In 1935 you could mortgage the Boardwalk for $200. The Monopoly property, not Virginia Beach’s. That $200 was the highest on the board, with classy Park Place coming in at only $175. (Poor Baltic Avenue; it was only worth $30.) If you seek a Virginia legal separation today, who covers the mortgage? And can you pay with Monopoly money? (Umm … no, you cannot — editor)

Who Signed the Mortgage?

Suppose you hold a 30-year mortgage on a lovely property in Morattico in Lancaster County (a lovely riverside crossroads “consisting of a post office, two churches, the Morattico Waterfront Museum, an active, though diminishing, fleet of fishing vessels, and scores of dwellings of its residents,” according to the Morattico Waterfront Museum). Your Morattico mortgage may have a few years left on it when you and your wife decide to legally separate.

If you both signed the Morattico mansion’s mortgage, you are both responsible for paying off that lovely little Morattico mansion along the banks of the mighty Rappahannock River. Your Morattico mansion’s mortgage must be paid on time, no matter the physical living arrangements you and your wife currently have. If you do not pay, both your credit ratings will be affected.

Going Solo?

If, by chance, you alone signed the Morattico mansion’s mortgage, you are on the hook, financially. If you fail to pay your magnificent Morattico mansion’s mortgage, your credit rating, not your soon-to-be ex-wife’s, suffers.

If (conveniently) she alone signed, then the little missus must meet the magnificent Morattico mansion’s monthly mortgage payments. (How long do you think we can keep this alliteration alive?) You are off the hook, and your credit rating is unaffected.

Mortgages & Property Settlement

Virginia does not recognize a marital separation unto itself. Either you are married or divorced, according to the Code of Virginia; a Virginia court does not grant legal separations. You can enter into a legal separation agreement yourself, though, and part of your separation should include a property settlement agreement. In that agreement, every debt obligation needs to be spelled out. Who pays the mortgage, light bill, or slip rental at the Morattico docks? Who pays for the post office box, the annual membership in the Morattico Waterfront Museum, and annual service on your Morattico mansion’s central air conditioner?

Some of this may sound trivial, but you need to spell out as much as you two can agree on, since credit ratings are slow to build and easy to crumble.

Making it Work

Say you agree to move out of your magnificent Morattico mansion so your wife Moira and your two adorable kids, Molly and Mordecai, can continue to live there during your separation. Both your names are on the mortgage. You agree to send Moira half the money for the monthly mortgage, and she sends in the check.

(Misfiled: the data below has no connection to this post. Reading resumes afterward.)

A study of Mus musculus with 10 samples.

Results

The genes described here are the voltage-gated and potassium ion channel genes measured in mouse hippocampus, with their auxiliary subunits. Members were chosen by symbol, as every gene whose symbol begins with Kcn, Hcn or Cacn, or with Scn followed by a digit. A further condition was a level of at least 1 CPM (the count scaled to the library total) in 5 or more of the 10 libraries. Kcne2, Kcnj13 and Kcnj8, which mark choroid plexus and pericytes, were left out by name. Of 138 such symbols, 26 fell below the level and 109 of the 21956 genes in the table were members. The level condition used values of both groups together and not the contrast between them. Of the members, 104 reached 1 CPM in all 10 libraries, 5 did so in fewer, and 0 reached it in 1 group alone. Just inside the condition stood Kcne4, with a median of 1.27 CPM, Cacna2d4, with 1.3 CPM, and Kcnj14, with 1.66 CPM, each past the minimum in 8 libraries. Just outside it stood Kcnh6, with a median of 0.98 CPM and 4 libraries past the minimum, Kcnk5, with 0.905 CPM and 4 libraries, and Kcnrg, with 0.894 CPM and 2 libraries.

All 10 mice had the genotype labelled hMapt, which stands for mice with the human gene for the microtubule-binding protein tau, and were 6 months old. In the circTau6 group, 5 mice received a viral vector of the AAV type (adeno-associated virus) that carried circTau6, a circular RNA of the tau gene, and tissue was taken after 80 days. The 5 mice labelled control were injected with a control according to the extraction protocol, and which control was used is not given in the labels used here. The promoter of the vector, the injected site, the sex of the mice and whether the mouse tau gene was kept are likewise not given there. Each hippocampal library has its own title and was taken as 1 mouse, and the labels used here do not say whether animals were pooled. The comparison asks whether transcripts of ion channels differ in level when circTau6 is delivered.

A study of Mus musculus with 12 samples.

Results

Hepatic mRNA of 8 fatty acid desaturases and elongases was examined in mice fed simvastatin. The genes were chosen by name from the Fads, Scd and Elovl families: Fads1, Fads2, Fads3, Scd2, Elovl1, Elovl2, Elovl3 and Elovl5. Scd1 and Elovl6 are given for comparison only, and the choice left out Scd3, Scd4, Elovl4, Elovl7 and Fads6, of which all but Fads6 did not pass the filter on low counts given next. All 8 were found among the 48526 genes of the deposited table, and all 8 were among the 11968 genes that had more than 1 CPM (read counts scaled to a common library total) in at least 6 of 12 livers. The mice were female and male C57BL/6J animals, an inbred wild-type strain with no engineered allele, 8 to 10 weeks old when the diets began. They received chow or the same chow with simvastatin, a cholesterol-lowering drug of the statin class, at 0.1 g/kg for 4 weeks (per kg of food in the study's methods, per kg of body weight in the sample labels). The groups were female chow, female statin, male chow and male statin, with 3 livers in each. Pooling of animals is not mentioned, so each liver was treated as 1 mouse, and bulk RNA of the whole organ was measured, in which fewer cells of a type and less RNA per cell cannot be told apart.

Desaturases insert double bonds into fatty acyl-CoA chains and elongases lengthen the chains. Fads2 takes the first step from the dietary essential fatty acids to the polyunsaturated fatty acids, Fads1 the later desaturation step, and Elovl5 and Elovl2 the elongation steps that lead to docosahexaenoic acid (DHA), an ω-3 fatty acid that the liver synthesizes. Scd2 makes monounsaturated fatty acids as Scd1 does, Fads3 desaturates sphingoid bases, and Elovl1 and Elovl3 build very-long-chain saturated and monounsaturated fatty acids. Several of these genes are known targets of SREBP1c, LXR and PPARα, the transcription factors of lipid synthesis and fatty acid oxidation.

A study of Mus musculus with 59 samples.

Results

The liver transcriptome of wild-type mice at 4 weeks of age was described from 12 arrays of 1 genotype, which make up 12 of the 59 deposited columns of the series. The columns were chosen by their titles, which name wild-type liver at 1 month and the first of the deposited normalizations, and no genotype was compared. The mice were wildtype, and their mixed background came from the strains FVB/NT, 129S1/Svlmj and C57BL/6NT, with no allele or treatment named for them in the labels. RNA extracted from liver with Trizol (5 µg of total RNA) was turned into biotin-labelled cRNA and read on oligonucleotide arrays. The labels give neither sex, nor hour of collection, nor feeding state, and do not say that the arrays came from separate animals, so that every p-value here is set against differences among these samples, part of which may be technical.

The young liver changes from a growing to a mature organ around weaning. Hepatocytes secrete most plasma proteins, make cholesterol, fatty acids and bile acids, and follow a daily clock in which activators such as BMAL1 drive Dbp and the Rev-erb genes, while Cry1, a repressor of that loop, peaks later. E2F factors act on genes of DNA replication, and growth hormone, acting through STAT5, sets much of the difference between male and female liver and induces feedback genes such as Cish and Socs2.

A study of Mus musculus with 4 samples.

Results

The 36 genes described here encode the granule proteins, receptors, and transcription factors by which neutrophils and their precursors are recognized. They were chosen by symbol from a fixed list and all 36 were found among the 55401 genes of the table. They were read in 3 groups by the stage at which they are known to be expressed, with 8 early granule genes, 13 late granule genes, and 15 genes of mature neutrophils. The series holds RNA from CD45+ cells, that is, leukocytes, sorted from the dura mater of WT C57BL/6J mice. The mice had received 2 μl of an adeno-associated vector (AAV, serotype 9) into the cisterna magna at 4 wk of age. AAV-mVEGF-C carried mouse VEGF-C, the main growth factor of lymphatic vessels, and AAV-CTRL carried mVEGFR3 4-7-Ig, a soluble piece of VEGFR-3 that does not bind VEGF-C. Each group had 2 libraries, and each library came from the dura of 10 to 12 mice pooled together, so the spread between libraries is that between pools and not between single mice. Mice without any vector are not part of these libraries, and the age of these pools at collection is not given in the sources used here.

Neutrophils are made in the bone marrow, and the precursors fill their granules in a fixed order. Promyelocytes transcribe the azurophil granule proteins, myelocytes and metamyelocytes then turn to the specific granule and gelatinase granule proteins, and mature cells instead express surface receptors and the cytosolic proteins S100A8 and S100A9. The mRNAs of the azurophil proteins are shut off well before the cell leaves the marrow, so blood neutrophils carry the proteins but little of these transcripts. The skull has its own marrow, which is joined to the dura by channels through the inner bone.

You and Moira need to make the arrangement work, so neither of your credit ratings are harmed. She will need good credit after your divorce (assuming that is where the separation is headed) so she can resettle, and you will need good credit to downsize into a more suitable home.

Part of your property settlement agreement can include a way to verify that Moira is making the monthly mortgage payments. Perhaps she sends you copies of bank statements indicating the account is current; perhaps you share online access. Both of you need to realize that financial obligations are not weapons to use against each other, because you will both pay a high price in trying to inflict emotional or financial damage on the other.

Foreclosure, Credit Sabotage & Legal Limbo

If you are thinking that, perhaps, you will deliberately stop paying the mortgage, you have all the guiles of a comic book villain. Trashing your credit rating, sending your home into foreclosure, and forcing your wife to vacate the property are not wise ways to resolve marital conflicts.

If you have not yet signed a property settlement agreement or separation agreement with your wife, you may face a few months of legal limbo during which neither of you communicates clearly about your joint financial responsibilities. Being a month late with a mortgage payment is not nearly as bad as being six or more months late, so even if one month slips by while you two verbally tussle, you both need to catch up and keep the mortgage payments current.

Disposal of Mortgaged Property after Divorce

Getting a separation agreement or property settlement agreement done right depends on the skills of attorneys. You and your wife may be struggling to deal with other calmly and rationally during the separation, so coming together to agree on vital financial problems could be extremely hard.

You will generally not save any money by attempting to “do it yourself” with any legal paperwork between the two of you. You are better off now, during the separation, and later during a divorce proceeding, if you engage an attorney to help you iron out every issue, including the mortgage.

Done right, the separation agreement can include information about the ultimate disposal of the mortgaged property. You two may agree that neither of you remains in the house after the divorce, selling it to divide any proceeds equally. You may agree one of you will buy the other property owner out, so she pays you and still has a place for herself and your kids.

Contact the Separation Agreement Lawyers for Men

Your life is truly not a Monopoly game, and no mortgage in Virginia goes for just $200. Protect yourself, protect your credit rating, and protect your property by getting a separation agreement through an attorney. Whether you truly are in a magnificent Morattico mansion or a very nice Virginia Beach bungalow, contact The Firm for Men at 757-383-9184, or contact us online, today.